As one of three men and one woman competing for the 50th House District's GOP nomination to succeed State Rep. Pat Lindner, it’s sometimes difficult to draw a distinction among the candidates. Tony Graff says his voter base is his family, his friends and the people he’s met throughout the community while serving in area law enforcement.
A retired police chief and experienced city administrator, Graff, 53, says he’s very proud of being involved public service for years. Recently starting a commercial real estate development firm opened his eyes to the challenges small businessmen in Illinois face every year. It was one of the reasons he jumped into the 50th GOP race this year.
“I’m interested in helping people and getting involved in the community,” Graff said, “When Rep. Lindner retired, it seemed a good time to re-enter public service.”
And what would he do if he were elected to represent the Kane County-centered district?
“Honesty in government is crucial,” Graff said. “Public trust level is at its lowest, and the people are telling me they want to elect legislators they can trust. You do that one day at a time, one legislator at a time, earn the trust of the public.”
But Graff doesn’t hide the fact that improving the quality of education is also a major impetus for him running for the 50th House seat.
“We can’t settle for being 49th in the country for education funding ,” he said. “We should have consistent funding for the schools. Graff is supportive of school choice among private and public schools.
Schools are the center of the community, and what’s happening there affects families and affects the area’s quality of life, he said. “A better educated society is better for all of us."
Graff is also concered about the amount of unfunded mandates the state legislature sends to local fire departments, law enforcement and schools every year.
“There needs to be some type of balance and some kind of self-control. When January comes around, there’s new laws that have to be put in place," he said. "Studies should be done on the impact of state legislation – not just financial, but human impact, as well."
"Instead of just adding more laws, enforcing what’s already on the books would be helpful and make sense,” Graff said.
As a member of the Illinois Chief of Police’s legislative committee for ten years, Graff knows the importance of lawmakers conferring with law enforcement personnel as to a law's implementation. He hopes to be a good resource for fellow legislators.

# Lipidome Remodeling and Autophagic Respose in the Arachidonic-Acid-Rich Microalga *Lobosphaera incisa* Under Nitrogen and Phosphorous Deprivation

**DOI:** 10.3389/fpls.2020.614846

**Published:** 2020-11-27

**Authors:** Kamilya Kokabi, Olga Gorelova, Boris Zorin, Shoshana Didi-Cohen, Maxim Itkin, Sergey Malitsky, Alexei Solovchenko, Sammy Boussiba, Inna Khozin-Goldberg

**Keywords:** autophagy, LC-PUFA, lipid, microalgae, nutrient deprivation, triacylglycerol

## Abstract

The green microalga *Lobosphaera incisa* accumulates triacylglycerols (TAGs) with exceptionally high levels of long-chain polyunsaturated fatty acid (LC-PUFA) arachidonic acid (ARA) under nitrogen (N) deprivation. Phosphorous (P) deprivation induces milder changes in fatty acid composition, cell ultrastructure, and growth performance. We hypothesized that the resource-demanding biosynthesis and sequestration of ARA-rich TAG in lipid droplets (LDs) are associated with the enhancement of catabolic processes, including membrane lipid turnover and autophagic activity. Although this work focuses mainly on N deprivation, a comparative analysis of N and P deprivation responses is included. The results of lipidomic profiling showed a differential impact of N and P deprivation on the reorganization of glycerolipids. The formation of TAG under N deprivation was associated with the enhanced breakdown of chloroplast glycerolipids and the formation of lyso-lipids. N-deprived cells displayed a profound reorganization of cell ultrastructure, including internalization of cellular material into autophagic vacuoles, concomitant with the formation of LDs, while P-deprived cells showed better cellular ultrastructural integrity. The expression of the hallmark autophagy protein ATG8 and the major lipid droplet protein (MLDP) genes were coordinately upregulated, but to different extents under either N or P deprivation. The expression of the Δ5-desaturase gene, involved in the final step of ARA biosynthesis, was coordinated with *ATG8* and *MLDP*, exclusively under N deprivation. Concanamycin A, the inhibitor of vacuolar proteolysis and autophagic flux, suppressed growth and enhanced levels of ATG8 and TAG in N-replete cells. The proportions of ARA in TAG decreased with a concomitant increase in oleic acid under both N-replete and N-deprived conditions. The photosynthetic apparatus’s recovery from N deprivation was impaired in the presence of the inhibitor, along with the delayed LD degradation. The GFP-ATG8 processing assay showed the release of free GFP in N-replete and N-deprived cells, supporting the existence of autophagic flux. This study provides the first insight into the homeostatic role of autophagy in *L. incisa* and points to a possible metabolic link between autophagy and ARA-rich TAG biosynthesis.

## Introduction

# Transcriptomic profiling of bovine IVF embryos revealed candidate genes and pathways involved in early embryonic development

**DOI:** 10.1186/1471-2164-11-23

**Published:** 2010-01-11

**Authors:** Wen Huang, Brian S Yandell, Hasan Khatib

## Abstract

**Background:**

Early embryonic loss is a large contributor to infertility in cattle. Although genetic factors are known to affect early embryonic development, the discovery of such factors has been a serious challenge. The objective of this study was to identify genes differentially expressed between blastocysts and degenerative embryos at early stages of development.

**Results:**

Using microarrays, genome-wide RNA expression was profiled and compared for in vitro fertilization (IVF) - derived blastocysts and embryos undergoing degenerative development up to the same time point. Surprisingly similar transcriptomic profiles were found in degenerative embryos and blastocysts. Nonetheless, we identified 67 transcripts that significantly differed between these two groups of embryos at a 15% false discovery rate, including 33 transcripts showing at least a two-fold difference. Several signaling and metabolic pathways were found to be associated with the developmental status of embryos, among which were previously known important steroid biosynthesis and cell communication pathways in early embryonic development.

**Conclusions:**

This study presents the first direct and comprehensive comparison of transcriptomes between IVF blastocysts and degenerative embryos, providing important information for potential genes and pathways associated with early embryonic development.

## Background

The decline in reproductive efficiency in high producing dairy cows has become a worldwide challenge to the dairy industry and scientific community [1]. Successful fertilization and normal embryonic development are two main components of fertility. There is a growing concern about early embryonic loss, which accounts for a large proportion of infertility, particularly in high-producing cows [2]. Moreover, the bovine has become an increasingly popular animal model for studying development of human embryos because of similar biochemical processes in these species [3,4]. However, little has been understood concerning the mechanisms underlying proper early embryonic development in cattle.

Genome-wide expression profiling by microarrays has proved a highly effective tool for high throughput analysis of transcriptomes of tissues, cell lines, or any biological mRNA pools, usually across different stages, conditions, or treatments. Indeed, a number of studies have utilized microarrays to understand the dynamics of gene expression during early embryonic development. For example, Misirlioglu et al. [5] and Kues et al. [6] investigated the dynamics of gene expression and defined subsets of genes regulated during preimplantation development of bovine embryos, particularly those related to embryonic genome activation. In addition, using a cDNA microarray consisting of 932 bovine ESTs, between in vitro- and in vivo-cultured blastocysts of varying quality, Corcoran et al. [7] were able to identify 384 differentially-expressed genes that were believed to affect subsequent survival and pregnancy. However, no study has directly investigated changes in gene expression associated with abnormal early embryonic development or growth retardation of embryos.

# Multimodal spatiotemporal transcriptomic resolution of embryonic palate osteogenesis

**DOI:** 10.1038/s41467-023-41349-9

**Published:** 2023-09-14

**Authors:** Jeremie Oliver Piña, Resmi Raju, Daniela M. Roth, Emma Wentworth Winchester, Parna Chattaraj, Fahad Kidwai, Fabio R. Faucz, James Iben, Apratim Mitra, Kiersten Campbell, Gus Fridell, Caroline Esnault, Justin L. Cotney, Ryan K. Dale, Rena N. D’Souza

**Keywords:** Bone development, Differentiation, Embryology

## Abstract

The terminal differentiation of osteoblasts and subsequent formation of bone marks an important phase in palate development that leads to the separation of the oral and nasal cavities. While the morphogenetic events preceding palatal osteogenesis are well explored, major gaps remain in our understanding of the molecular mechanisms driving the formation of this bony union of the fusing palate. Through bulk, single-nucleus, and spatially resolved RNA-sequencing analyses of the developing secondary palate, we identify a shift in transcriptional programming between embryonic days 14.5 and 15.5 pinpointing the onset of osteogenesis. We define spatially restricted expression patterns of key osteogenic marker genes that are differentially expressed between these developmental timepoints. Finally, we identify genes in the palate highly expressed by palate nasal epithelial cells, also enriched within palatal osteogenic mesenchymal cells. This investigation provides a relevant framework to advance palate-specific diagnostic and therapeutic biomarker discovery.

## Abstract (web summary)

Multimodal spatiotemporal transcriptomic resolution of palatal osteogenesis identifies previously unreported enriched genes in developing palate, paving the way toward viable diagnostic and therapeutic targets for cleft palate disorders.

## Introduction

And although a list of police chiefs statewide advocated drivers’ licenses for illegal immigrants last year, the former Yorkville police chief disagreed with the effort.
“The operative word there is ‘illegal,’” he said. “If they’re illegal, they’re not eligible for licenses.”
Graff says he's open to Illinois making it legal for citizens to conceal and carry arms, but his support is qualified, depending on whether the proposal would provide the funding needed to appropriately oversee the distribution and follow-up of the permits, he said.
“I truly believe our system needs to be modified to ensure the death penalty process is credible,” but yes, he said, he is in favor of continuing the death penalty.
But in a four-way race, it comes back to differentiating oneself from the others in the race. Graff points to his experience in local government, his leadership has a police chief and city administrator and his track record of honest in government to make his case.
His life experiences of having three children in college and living out his Catholic faith by serving the community also points out differences.
“With all that, I still have worked within the means of a city budget and understand budgets and taxes,” he said. He’s very proud of the relationship he has with area elected officials and believes that will help him do his job well for the district.
“Someone said the other day that I was a little bit of all three of my opponents rolled into one,” he said. “I’ll use that description to describe this race. I hope the voters of the 50th District agree.”